The local college football team will be heading down to San Diego so they can reenact the 56-21 debacle they suffered back in September, at home, against Big Red. The local pro football team, meanwhile, continues to torture its fanbase with its win-one, lose-one strategy. Thankfully, that should end soon as they have already reached their total win potential for the season. A sure sign of this occurred when the team’s running back had to personally injure his team’s best receiver, who was also the best player on the team. In wine blogger terms, we call that Seattle pro sports ‘typicity’.
As we end the year 2010, let’s also give a heave-ho to some terms that should never be utilized in a conversation ever again. Here is the list:
1. Slacks/trousers. What a waste of a substitution for “dress pants.” Slacks sounds like I’m wearing a slacker outfit. Trousers reminds me of clown-wear at some Barnum & Bailey ceremony.
2. Seepage. It just sounds crusty. Like the result of eating too much of those fat-substitute potato chips. Sorbitol’s Revenge. Skidmarks. Yellow spot.
3. Crux. Let’s just get to the heart of the matter…this sounds like a person’s “crack.” It’s like asking a kid if he/she wiped his/her crux after dropping a deuce.
4. Semen. Those Navy jokes have run its course. Calling millenials for an update, they responded with novel replacements. Joy juice. Jack juice. Jizz. Spunk. Splooge. Manjam. Oh no…this from a chemistry major: ammoniated pine sol. Maybe semen ain’t so bad after all. Sorry I asked.
5. And from our local sex hormone-deficient wine blogging community… Agreed!, Indeed!, V cool, Excellent!, etc. These hollow, plastic responses on Twitter are the sign of an ego-stroking, I-don’t-like-you-so-I’m-no-longer-including-you-in-my-Round-Up-blogpost, child-hunting immature personality that likely got beat up in the locker room one too many times until he started enjoying the punishment in high school. This type of individual also yearns after a rotten-fish-smelling, wrinkly-faced, self-proclaimed “I’m a social media expert!” WWU half-wit. My cantaloupe-sized nards are retreating back into my abdomen as I write this. Yiiiickkk.
6. Another wine blogger nuisance is “That said.” Are you just too cool to say “however”? I guess that your self gloating forces you into a Freudian slip, typing an erroneous “butt” instead of “but” so it’s just easier to say “that said.” Using that same reasoning, it’s also “agreed!” that it’s much easier to doppelbang someone because he/she looks like Mister/Miss “That Said.” There’s something inherently wrong about giving your own “double rainbow.”
But, I digress.
Well, tonight’s wine is a treat. I can only assume the winemaker did not hand out any freebies to winery-killing, freeloading wine bloggers and Twitter-hypesters.
Impuls Cellars is some sort of phantom-label winery that is really…UNMASKED!… Terra Blanca Vintners. This is not some typical second label. “A portion of the proceeds” is donated to support Seattle’s cultural art scene. As if King County’s “1% for the arts” program isn’t enough, this 4culture organization advocates “advancing community through culture.” A novel concept this is not; however, the King County cultural services agency is supported by a rather unusual conglomeration of techies and yuppies.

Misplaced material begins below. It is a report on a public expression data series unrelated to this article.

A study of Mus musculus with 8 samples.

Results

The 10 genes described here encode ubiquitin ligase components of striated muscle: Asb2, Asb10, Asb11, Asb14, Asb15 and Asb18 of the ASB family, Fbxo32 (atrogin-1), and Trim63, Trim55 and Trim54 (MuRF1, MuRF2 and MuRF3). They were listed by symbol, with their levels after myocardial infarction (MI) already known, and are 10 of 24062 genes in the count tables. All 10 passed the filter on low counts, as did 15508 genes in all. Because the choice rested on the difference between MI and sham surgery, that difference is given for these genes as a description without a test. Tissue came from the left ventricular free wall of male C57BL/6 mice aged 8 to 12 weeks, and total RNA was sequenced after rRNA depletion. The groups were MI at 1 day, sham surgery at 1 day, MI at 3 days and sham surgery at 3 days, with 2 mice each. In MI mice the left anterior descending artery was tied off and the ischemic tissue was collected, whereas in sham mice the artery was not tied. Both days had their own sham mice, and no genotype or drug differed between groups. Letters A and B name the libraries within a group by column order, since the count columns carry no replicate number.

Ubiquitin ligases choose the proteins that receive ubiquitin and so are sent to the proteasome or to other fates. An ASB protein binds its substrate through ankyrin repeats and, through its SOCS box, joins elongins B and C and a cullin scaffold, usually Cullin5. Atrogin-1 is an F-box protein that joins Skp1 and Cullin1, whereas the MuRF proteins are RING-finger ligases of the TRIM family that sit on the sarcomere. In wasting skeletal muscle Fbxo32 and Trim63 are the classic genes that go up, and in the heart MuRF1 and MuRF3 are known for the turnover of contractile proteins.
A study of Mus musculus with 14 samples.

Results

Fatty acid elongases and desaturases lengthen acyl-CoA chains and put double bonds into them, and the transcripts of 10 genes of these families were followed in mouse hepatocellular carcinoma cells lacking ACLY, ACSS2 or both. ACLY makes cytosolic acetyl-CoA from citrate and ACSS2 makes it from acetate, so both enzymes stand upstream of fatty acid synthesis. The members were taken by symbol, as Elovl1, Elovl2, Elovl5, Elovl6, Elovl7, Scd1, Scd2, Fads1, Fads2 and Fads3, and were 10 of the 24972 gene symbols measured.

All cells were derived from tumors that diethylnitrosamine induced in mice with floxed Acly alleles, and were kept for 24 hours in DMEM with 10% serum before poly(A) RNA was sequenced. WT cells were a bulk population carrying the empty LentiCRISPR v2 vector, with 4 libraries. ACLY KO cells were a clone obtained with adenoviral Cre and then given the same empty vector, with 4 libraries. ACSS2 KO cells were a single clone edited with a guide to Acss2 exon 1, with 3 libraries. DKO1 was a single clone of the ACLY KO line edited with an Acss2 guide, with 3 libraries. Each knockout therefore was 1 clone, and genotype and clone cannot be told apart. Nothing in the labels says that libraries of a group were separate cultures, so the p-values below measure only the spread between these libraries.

As for “Seattle 100,” this is an ongoing project by photographer Chase Jarvis that has culminated thus far in a coffee-table book of one hundred personalities/businesses the photographer finds intriguing, whatever that means.
This 4culture group has also tie-ins with Theo Chocolates (a 70% dark chocolate edition), and with Small-Lot Co-op, a little “exclusive wine club” in the Woodinville warehouse district where you have to be invited into.
This all smells of typical Seattle protocol.
Let’s get this straight. I’m all for the arts. A city/region without a vibrant arts community is a boring, lifeless metropolitan jail. Bothell comes to mind, as a matter of fact. Just who is this “4culture” arts agency anyway? And just what are the plans for the proceeds they receive from these partnerships? How much of the money will actually go to the arts, versus administrative costs? Is this some grand scheme to pad the pockets of a few? And why do I have to “invited” to a wine club? Is this to satisfy some sort of macabre “entitlement” persona? Would this even fly in outposts like…Grandview or Prosser? Too many questions unanswered.
So what? I bought the wine anyway. Support a Washington winery and the arts program in King County with one purchase. The black and white label is a modified knockoff of a Jones Soda front, but it works. There’s also a non-vintage red blend wine for a few bucks more. Heck, it’s only twelve bucks for this chardonnay.
Tonight’s food pairing was chicken marsala. A complementary pairing.
This is a pure example of what Seattle is about in 2010. Straightforward, varietally correct, simple flavors without any hint of glamour and glitz or insidious undertones. But, not a whole lot of oomph below the surface. What you see is what you get. A wine without pretensions. Smart, but without the Mensa branding. Utilitarian without being authoritarian.
Tasted at 42-54 degrees on the IR temp gun, straight-up brilliant light straw in the Riedel with aromas of pear and green apples at the cusp. On the palate, crisp (acidic) and a bit sloggy, that leads to flavors of (best above 54 degrees) peach, pear, melon, a spritz of Meyer lemon, and grapefruit. Great with chicken. Great with chips. Keith Pilgrim, the winemaker, produces another winner of a wine.
Alcohol: 13.5%. Everything about the wine on both the front and back labels ring true. This would make a great gift for someone in the lower 47. I’m surprised the Made In Washington stores did not pick this up. Rated: 89 (88-90). Paid: $12. Value: $15. Music pairing: “Party Doll” by Buddy Knox. This is WAwineman…uncorked, uneducated but not uncouth.